Tuesday, November 22, 2011

The EPA is under attack, but what about natural gas.

I normally keep the tube on while washing dishes. It is mostly audio wallpaper. However, last night it was on MSNBC and when Rachel Maddow said that she was going to interview EPA administrator Lisa Jackson, I stopped working, poured a glass of a Paso Robles barbera and sat down to listen.

It was an intriguing opportunity for Jackson to score some points and she almost hit it out of the park, but missed an opportunity to deal with climate when discussing fracking and the use of un-natural gas.
I can't imagine a better setup to this piece that Maddow provided. She started with Nixon's establishment of the EPA and led that into the current Republican presidential candidate unbridled antipathy for even using the initials. This led her into the interview where she gave Jackson the opportunity to defend the EPA, which Jackson did very well. And that is where things diverged. Yes, Jackson wants to protect air and water from the excesses of fracking (after they get the science right)… right.  But then she repeated the same things that we hear from all of the petro-industry commercials.

I think natural gas is important to our country.  I do think that it is a potential big change for us.  It has immediate benefits from a pollution side.  It has immediate benefits from an energy security side, but what we have to  be able to say to the people is that in the process of getting this natural gas, we're not going to screw up your groundwater or drinking water or your air.

This coming election cycle is going to feature a concerted attack on "regulation" by the Republicans and that pushes the EPA to the top echelon of issues. While we know that both Mesplay and Stein would be staunch protectors of the EPA, it is not yet clear which will be most able to articulate a narrative in which we can:
  • protect our water resources,
  • manage to control greenhouse gases,
  • provide useful employment for all our population.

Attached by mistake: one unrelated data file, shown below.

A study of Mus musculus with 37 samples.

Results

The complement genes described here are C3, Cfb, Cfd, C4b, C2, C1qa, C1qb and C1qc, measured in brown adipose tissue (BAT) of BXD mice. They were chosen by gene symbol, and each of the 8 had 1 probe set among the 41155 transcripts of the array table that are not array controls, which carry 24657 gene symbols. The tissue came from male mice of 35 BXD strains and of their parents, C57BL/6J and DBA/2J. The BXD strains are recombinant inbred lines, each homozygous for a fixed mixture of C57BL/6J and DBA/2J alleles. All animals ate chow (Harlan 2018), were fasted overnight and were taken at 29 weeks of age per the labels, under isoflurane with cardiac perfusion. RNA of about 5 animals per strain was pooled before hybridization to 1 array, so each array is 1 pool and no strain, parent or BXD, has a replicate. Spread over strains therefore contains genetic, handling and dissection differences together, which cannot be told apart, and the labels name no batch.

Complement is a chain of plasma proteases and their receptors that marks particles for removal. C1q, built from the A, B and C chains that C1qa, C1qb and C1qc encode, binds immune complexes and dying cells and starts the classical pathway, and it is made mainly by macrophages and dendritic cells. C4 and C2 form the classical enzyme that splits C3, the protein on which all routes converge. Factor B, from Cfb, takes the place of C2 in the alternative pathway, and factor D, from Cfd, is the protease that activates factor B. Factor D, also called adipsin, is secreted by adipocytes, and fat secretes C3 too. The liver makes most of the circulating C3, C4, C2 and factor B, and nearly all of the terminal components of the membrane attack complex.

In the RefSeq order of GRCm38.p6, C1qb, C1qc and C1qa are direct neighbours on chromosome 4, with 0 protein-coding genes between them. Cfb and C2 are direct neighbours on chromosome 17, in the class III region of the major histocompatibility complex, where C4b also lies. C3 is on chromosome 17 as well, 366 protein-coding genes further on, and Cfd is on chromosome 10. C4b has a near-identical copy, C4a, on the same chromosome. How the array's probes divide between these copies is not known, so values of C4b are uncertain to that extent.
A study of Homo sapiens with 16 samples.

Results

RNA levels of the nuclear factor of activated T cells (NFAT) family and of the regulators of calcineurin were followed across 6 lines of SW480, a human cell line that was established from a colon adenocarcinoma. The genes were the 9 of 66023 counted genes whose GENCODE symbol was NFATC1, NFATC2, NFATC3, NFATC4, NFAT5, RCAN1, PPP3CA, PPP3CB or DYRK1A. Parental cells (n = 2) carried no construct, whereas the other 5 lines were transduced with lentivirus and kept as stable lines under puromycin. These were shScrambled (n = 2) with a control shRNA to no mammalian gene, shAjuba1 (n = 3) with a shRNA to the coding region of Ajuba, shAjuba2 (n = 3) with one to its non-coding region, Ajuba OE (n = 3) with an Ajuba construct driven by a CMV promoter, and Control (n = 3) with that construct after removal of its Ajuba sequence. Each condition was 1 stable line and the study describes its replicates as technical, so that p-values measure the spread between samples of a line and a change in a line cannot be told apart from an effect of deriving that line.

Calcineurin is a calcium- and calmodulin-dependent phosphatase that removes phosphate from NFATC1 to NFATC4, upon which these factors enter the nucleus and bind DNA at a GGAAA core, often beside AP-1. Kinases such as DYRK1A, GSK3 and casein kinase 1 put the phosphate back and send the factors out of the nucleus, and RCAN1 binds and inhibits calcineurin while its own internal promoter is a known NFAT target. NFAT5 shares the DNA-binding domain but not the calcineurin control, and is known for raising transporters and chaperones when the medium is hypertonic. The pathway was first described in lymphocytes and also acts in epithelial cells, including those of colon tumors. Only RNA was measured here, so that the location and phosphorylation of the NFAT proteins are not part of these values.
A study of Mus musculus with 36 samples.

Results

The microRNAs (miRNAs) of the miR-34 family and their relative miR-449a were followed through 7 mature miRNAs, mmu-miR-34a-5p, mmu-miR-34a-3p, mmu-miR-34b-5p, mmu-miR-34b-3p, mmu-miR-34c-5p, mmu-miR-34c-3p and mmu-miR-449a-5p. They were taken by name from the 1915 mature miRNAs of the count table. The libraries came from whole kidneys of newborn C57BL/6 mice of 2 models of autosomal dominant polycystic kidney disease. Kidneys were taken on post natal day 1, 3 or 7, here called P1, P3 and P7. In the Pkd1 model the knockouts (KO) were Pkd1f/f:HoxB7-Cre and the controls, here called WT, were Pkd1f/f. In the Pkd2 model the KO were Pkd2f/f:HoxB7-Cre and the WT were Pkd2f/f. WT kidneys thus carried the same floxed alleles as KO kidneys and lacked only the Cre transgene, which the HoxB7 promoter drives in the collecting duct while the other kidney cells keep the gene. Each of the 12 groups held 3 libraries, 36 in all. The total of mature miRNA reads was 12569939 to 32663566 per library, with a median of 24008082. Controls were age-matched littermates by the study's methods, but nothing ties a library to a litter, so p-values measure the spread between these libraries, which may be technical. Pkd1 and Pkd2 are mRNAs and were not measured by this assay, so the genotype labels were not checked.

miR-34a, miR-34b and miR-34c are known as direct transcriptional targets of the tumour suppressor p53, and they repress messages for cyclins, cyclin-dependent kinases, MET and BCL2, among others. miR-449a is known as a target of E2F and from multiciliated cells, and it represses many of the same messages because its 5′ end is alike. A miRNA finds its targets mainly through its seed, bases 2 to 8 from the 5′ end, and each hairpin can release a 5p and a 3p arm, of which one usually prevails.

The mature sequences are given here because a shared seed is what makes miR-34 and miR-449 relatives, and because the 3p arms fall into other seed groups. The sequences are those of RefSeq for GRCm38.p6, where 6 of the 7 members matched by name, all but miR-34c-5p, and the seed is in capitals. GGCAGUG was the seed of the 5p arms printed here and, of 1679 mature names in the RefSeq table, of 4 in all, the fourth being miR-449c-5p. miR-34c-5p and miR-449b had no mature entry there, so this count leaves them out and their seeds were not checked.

That is a tough task, but it is what we have to do if Greens are going to make even a ripple in the national political pond.


Alex Walker said...

Here again, the problem is how to educate the public on how Republicans and Democrats are the One-Party-With-Two-Names.

In California attacking nuclear power is definitely a popular "wedge issue."

It is amazing to me how nobody seems to remember the phony electric power crisis of 2000-2001. In that "crisis" Enron was gaming natural gas prices and Democratic Governor Gray Davis played their game. That incident should have proven that the supply of natural gas is not the problem, but that a centralized, unsustainable energy regime pimped by corporate crooks is.

Martin Zehr said...

The real problem is how we define the problem and how we solve the problem. There is no wisdom inherent within the E.P.A. that preserves the environment. We have a political structure that is unable to present the fundamental differences as they exist in the real world and are often left with the rhetoric of academics in explaining policies and the politics of environmental regulations and the administrative mechanisms established to maintain them. What we miss is the interactions of diverse stakeholders based on demonstrated demand and capacities to respond and adapt effectively to changing conditions. It is worth stating that Greens should be grasping the ramifications of the discussions of E.P.A., and not simply respond as E.P.A. apologists. There is a need to become more inclusive of the input and feedback of all stakeholders and the increase the transparency of the decision-making processes and work towards the regionalization of its administrative powers.

Wes said...

Martin, I agree with you on how things should be done. There seems to be no way to get there from here. It is particularly troublesome in that the various stakeholder groups are subject to manipulation by those with the money to buy enough media: i.e. big agriculture and the water agencies. Dan Bacher details this redefinition of stakeholders. When he says, "Fish, farmers and the 25 million average Californians who rely on the San Francisco-San Joaquin Delta for water deserve nothing less," Laird echoes the false notion that the only "real stakeholders" regarding the future of the Delta are fish, "farmers" and urban water users, a concept that both the Delta Vision and BDCP fiascoes have embodied.

What about Delta residents, boaters, recreational anglers, commercial fishermen, California Indian Tribes, conservationists, environmental justice communities, business owners and all of those other people whose lives depend on the health of the Delta and its fish populations? Laird has to date done nothing to include them in the BDCP Management Committee because he apparently considers water exporters and political hacks to be the only "real" stakeholders.